Suspected Scattered Spider Leader Snagged in Law Enforcement's Web

How could taking a Scattered Spider leader out of the game mean for the future of the group?

Carrie Pallardy, Contributing Reporter

June 20, 2024

5 Min Read
giant house spider (Tegenaria duellica), sitting on a monstera leaf
blickwinkel via Alamy Stock

Scattered Spider has made a name for itself in the ransomware space with high-profile attacks on companies including MGM Resorts, Caesars Entertainment, Twilio, LastPass, DoorDash, and Mailchimp. In June, Spanish police arrested a 22-year-old man suspected of being a leader of the group, Murcia Today reports.  

This arrest is one of many law enforcement actions taken against hacking and ransomware groups in recent months. What could this latest actions mean for the future of Scattered Spider?  

Scattered Spider Activity 

Scattered Spider, like many other threat actors, is a group known by many names: 0ktapus, UNC3944, Scatter Swine, and Muddled Libra among them. Scattered Spider was also affiliated with the BlackCat/ALPHV ransomware group, which left the scene in a suspected exit scam following its attack on Change Healthcare.  

Since then, some Scattered Spider activity has been linked with ransomware-as-a-service group RansomHub. “We saw actors that ... were using Scattered Spider tactics, using Scattered Spider tools, and that had previously attacked Scattered Spider victims, but now they were using RansomHub,” Jason Baker, senior threat intelligence consultant at GuidePoint Security, a cybersecurity consulting services company, tells InformationWeek. “We have at least one affiliate that … belonged to or at the bare minimum [had] been heavily inspired by Scattered Spider’s tactics that was now actively affiliated with the RansomHub group.”  


The group is associated with English-speaking threat actors. The individual recently arrested is from Scotland, according to Krebs on Security. “Because you’ve got actors with good English skills and American or Western accents, social engineering can be a lot more effective,” Baker points out.  

In addition to targeting help desk employees, Scattered Spider is looking outside of the corporate sphere. “What we’ve seen is Scattered Spider actually [taking] the attacks to the executives and to their families,” says Chris Pierson, PhD, founder, and CEO of cybersecurity company BlackCloak. “[It] isn't just the adult, spouse, husband, wife, significant other. It's also the kids.”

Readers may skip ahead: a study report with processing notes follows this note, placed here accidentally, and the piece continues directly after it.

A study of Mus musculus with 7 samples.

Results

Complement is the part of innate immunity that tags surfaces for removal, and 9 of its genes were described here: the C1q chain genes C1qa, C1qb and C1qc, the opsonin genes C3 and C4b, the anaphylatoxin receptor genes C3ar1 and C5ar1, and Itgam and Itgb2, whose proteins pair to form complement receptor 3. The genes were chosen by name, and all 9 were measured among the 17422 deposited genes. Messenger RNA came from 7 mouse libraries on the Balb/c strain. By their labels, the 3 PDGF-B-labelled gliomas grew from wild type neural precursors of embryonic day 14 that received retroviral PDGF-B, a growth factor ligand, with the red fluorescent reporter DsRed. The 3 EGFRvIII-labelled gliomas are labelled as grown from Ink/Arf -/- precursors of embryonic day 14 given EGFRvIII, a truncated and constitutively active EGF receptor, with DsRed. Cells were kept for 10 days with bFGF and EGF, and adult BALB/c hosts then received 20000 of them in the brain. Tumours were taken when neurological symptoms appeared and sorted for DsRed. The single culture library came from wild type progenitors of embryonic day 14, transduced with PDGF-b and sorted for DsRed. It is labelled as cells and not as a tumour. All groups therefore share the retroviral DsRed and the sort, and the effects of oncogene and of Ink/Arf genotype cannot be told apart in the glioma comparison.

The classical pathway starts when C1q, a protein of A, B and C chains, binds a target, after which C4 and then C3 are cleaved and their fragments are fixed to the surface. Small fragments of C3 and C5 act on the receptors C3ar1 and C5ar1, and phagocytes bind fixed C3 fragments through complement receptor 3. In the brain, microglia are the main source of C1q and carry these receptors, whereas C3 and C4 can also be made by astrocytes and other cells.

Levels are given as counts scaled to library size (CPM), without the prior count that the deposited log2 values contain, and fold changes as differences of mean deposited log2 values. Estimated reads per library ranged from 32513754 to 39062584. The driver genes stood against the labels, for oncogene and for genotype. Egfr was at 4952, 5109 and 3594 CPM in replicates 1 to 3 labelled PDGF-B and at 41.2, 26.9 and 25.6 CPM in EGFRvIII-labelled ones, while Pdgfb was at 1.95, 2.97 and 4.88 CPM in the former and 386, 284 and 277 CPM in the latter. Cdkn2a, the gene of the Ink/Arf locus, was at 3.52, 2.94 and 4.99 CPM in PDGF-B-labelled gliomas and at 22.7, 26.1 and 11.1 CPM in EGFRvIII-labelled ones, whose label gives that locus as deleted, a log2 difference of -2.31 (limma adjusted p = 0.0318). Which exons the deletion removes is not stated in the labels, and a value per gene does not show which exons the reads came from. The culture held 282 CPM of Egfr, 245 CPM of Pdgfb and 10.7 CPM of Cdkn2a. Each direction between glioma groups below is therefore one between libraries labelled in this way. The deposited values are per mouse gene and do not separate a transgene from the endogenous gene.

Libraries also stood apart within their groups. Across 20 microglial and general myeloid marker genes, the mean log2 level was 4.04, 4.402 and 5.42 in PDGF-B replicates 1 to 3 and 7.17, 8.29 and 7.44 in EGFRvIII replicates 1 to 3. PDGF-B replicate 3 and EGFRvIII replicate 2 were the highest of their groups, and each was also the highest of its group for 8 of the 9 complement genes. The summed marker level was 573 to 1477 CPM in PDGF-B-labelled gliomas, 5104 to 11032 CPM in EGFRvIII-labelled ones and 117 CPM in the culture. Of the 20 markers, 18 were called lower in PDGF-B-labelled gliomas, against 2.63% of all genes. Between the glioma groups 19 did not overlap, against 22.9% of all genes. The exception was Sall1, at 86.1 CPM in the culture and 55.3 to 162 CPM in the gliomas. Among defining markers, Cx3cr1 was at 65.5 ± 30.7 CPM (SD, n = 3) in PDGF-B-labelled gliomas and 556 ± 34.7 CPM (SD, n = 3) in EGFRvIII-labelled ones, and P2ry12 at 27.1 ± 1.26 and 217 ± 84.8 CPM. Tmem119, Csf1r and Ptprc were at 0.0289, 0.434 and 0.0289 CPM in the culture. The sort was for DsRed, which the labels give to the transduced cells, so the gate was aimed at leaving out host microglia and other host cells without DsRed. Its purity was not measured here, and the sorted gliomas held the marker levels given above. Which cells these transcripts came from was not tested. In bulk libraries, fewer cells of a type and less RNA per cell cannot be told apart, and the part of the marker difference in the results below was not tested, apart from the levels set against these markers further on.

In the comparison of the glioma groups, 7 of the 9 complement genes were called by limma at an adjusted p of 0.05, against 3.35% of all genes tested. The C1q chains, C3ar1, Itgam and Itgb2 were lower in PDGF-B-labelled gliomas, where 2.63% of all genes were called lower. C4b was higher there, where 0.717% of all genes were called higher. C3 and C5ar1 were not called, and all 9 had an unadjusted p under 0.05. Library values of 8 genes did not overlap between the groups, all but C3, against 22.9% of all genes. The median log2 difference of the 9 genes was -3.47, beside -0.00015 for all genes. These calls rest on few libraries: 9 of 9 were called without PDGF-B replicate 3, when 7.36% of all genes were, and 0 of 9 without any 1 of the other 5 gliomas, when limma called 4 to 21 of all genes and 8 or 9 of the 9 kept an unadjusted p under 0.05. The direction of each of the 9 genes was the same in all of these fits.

The Arrest 

The arrest of the suspected Scattered Spider leader was coordinated by Spanish police and the FBI, according to the Murcia Today report. The individual was attempting to board a flight to Italy when apprehended by law enforcement. 

“Across the globe, we are seeing better communication, better information sharing, and more coordination amongst law enforcement partners. And I think that's a result of cybercrime hitting everyone much harder,” says Pierson. 

This is not the first time that law enforcement has snagged a person associated with Scattered Spider. In January, a 19-year-old man was arrested in Florida for wire fraud and aggravated identity theft. He was a member of Scattered Spider, according to Krebs on Security.   

The Future of Scattered Spider 

Threat actor arrests have been made before, but the larger group often lives on to hack and extort another day. What kind of fallout could we expect for Scattered Spider? 

“We’re likely to see that Scattered Spider is a multi-headed hydra … chopping off one head will not stop it,” says Pierson.  


Scattered Spider may dismantle its infrastructure for a period, take time to regroup, and emerge under new branding. Or the individuals involved could disperse and affiliate with other groups.  

“In the cases we've seen with prolific and advanced and capable actors, downfall does not happen all at once,” says Baker. “What we instead see is a gradual erosion of capability followed by movement of internal actors and affiliates either out of the game … or to other organizations.” 

While arrests do not necessarily foreshadow the downfall of an entire group, they could tarnish the appeal of cybercrime. Ransomware and other types of cybercrime are attractive because of the significant financial incentives and the perception of no consequences.  

“When you have arrests like this, especially against Western targets that are … in areas that you can be indicted and extradited from, it decreases the psychological safety that affiliates may have,” says Baker.  

Arrests may give pause to some active affiliates or would-be threat actors, but the cybercriminal ecosystem, with or without Scattered Spider, is still thriving. Enterprise leaders need to consider how to move forward in this reality.  

“Every single CISO has a duty and obligation right now to say, ‘What can I learn from these events, from these hacks?’,” says Pierson.  

Considering Scattered Spider’s past successes, other groups are likely to leverage those same tactics. That could mean enterprise security leaders carefully consider how to educate and protect help desk employees, executives, and their family members from exploitation.  

Additionally, enterprise leaders can consider their possible role as law enforcement continues to combat cybercrime groups.  

“Private sector partners, defenders, and leadership in the security realm are excellent sources of information of point-in-time details of threat actors that can be used to enhance law enforcement operations,” says Baker.  

About the Author(s)

Carrie Pallardy

Contributing Reporter

Carrie Pallardy is a freelance writer and editor living in Chicago. She writes and edits in a variety of industries including cybersecurity, healthcare, and personal finance.